I Think We’re Asking The Wrong Question

Most churches I know seem to fall into one of two categories: those that work hard to get more people into their buildings, and those who don’t care much if anyone new shows up.

Churches in the first group, often called “seeker sensitive”, spend small fortunes and countless hours trying to interest a consumer-oriented society to join in and follow Christ.

But it hasn’t always worked. Bill Hybels, founding pastor of the famous Willow Creek Church in the Chicago area, recently admitted that they have, basically, failed to make mature disciples with their otherwise successful approach. (See more at “Willow Creek Repents?”)

Whether a church calls itself “seeker sensitive”, or whether it doesn’t care much for reaching the modern masses, both classes of churches seem to be missing the whole point.

Our calling isn’t to move heaven and earth to get more people in the building, but it’s to move the universe (if needed) to make our churches a place where God wants  to attend.

When the Creator of all things, the One who is love, appears in our assemblies, we won’t have to convince people to come. They’ll be drawn like iron to a magnet. They’ll “fall down and worship God, exclaiming, ‘God is really among you!'” (1 Cor. 14:25)

When HE comes to church, the crowd won’t behave like they’re in the local mall or doze or check out the audience for fashion tips. They might behave more like those in Acts 5:11 – “Great fear seized the whole church and all who heard about these events.”

When the Presence enters the assembly, we might see the church operate like the one in Acts 9:31 that was “strengthened and encouraged by the Holy Spirit, it grew in numbers, living in the fear of the Lord.”

We’ve been asking the wrong question. Instead of, “How do we get more people involved in this church?” – we should be concerned with, “How do we make a hospitable, holy environment for the Lord Himself to come?”.

Got any suggestions? How does all this fit with why our churches should be “houses of prayer”…?

4 Comments

  1. Looks like you have addressed a third category. And by your statement “Most churches I know seem to fall into one of two categories” would mean that the church which you describe as “hospitable, holy environment for the Lord Himself to come” is in the minority. And that is so sad. Keith Green sang a song about the church being dead.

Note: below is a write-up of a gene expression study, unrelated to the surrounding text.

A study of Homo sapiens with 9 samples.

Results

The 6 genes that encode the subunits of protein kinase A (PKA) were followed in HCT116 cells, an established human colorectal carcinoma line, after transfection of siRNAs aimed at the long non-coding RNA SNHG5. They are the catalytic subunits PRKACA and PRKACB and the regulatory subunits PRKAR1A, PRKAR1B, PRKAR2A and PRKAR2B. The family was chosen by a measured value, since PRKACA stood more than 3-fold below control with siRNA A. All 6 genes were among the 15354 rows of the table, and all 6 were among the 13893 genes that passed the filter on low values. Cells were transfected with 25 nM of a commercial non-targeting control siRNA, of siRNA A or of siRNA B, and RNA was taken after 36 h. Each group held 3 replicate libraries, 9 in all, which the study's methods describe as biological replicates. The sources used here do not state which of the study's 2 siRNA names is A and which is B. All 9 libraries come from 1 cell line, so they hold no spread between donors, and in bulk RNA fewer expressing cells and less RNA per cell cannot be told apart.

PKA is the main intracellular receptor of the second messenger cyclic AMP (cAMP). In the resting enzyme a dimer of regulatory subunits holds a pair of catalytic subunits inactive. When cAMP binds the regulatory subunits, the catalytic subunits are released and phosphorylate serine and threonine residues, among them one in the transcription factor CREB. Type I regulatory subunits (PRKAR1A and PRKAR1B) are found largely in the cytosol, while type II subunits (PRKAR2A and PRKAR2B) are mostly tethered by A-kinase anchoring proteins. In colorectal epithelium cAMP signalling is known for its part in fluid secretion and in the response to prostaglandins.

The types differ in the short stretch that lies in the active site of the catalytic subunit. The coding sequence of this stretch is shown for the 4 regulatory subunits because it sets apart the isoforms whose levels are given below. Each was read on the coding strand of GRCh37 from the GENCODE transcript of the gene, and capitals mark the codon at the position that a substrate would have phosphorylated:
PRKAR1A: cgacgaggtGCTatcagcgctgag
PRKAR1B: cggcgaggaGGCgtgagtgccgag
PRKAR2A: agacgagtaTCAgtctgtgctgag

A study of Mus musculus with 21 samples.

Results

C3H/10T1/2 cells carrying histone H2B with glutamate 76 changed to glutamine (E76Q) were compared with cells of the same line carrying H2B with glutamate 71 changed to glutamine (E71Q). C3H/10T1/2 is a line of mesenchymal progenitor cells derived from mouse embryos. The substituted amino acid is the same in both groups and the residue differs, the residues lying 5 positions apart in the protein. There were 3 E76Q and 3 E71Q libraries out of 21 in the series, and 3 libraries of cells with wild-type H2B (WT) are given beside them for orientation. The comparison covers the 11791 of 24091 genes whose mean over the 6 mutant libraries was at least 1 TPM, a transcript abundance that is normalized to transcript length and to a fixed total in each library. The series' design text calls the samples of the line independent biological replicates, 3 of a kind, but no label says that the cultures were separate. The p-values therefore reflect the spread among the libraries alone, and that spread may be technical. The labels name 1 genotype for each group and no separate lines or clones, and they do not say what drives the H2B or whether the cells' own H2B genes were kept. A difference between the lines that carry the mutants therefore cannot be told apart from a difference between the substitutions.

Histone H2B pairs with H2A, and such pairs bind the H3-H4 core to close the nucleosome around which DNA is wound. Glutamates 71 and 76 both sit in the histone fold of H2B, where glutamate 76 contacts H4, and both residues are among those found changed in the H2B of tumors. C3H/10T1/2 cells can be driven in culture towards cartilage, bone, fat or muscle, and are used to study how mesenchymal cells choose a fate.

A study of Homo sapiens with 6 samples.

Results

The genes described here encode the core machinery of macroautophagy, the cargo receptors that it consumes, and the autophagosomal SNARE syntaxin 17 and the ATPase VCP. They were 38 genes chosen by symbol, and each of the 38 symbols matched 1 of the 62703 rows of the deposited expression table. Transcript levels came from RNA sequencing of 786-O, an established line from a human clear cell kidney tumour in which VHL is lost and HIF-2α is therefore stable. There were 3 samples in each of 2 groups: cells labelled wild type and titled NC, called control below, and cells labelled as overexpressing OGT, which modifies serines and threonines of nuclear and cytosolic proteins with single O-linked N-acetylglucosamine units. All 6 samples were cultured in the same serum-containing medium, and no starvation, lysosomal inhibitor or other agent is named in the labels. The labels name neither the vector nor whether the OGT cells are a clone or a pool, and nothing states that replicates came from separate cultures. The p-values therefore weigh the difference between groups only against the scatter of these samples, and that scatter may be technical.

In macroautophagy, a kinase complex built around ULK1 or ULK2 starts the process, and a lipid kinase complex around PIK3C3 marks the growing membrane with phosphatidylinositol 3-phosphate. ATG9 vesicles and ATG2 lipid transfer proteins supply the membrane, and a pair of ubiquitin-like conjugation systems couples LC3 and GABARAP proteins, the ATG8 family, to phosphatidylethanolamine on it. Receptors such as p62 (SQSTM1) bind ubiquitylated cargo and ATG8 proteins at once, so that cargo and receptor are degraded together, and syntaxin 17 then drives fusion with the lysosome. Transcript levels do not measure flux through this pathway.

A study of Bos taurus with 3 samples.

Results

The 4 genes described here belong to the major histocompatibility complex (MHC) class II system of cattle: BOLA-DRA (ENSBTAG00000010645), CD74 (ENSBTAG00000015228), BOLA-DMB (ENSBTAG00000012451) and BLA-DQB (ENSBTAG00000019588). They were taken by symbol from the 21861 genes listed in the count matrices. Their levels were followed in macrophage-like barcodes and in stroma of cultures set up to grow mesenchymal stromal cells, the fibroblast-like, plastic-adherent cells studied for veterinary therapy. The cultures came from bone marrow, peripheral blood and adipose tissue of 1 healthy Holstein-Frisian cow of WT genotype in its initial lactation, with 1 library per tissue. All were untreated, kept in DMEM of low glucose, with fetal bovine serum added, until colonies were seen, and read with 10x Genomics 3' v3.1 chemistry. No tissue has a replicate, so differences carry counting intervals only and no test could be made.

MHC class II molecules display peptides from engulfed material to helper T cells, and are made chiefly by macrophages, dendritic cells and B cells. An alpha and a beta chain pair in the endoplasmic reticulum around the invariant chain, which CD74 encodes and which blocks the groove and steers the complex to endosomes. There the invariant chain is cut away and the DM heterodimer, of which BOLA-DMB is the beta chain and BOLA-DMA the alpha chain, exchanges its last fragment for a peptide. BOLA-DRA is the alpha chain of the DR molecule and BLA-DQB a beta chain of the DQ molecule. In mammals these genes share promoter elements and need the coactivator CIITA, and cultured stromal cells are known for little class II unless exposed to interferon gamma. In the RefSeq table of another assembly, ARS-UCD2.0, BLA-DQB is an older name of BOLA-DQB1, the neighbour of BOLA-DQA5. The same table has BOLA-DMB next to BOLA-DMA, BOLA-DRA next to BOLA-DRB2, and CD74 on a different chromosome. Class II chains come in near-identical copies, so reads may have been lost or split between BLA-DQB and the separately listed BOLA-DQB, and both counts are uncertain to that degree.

I believe that those churches who have a “hospitable, holy environment for the Lord” just continue to “be” the church and therefore are pleasing to the Lord.

  2. Thanks, Skip. I think most believers mean well, but too many churches are in that minority category you mentioned. I agree that we should just continue to “be” the church.

  3. We’ve been asking the wrong question. Instead of, “How do we get more people involved in this church?” – we should be concerned with, “How do we make a hospitable, holy environment for the Lord Himself to come?”.

    Keith, I think the question should be,’How do we get the church(meaning its members) involved with the people(meaning unchurched and lost).” Most in church at best are “believers” and not ‘disciples”. The Acts churches were not about meetings in buildings but about outside the buildings where everyday life goes on, touching people the other six days of the week. The church was the training grounds and equipping place for the soldiers of Christ to go out from with an equipping. The church was “sent out” not ‘kept in”. Church is not what happens on Sunday it is the rest of the week that is true church.

    Yes, we are definitely asking the wrong questions and trying to attract lost to a building instead of being attractive Christlike people every day in the worlds we live in.
    Michael Walker michael@lifecatalystconsulting.com

  4. Good point, brother. When God shows up, whether in “church” or in everyday life, our hearts will vibrate to the same frequency as His heart. We will care for people as He does.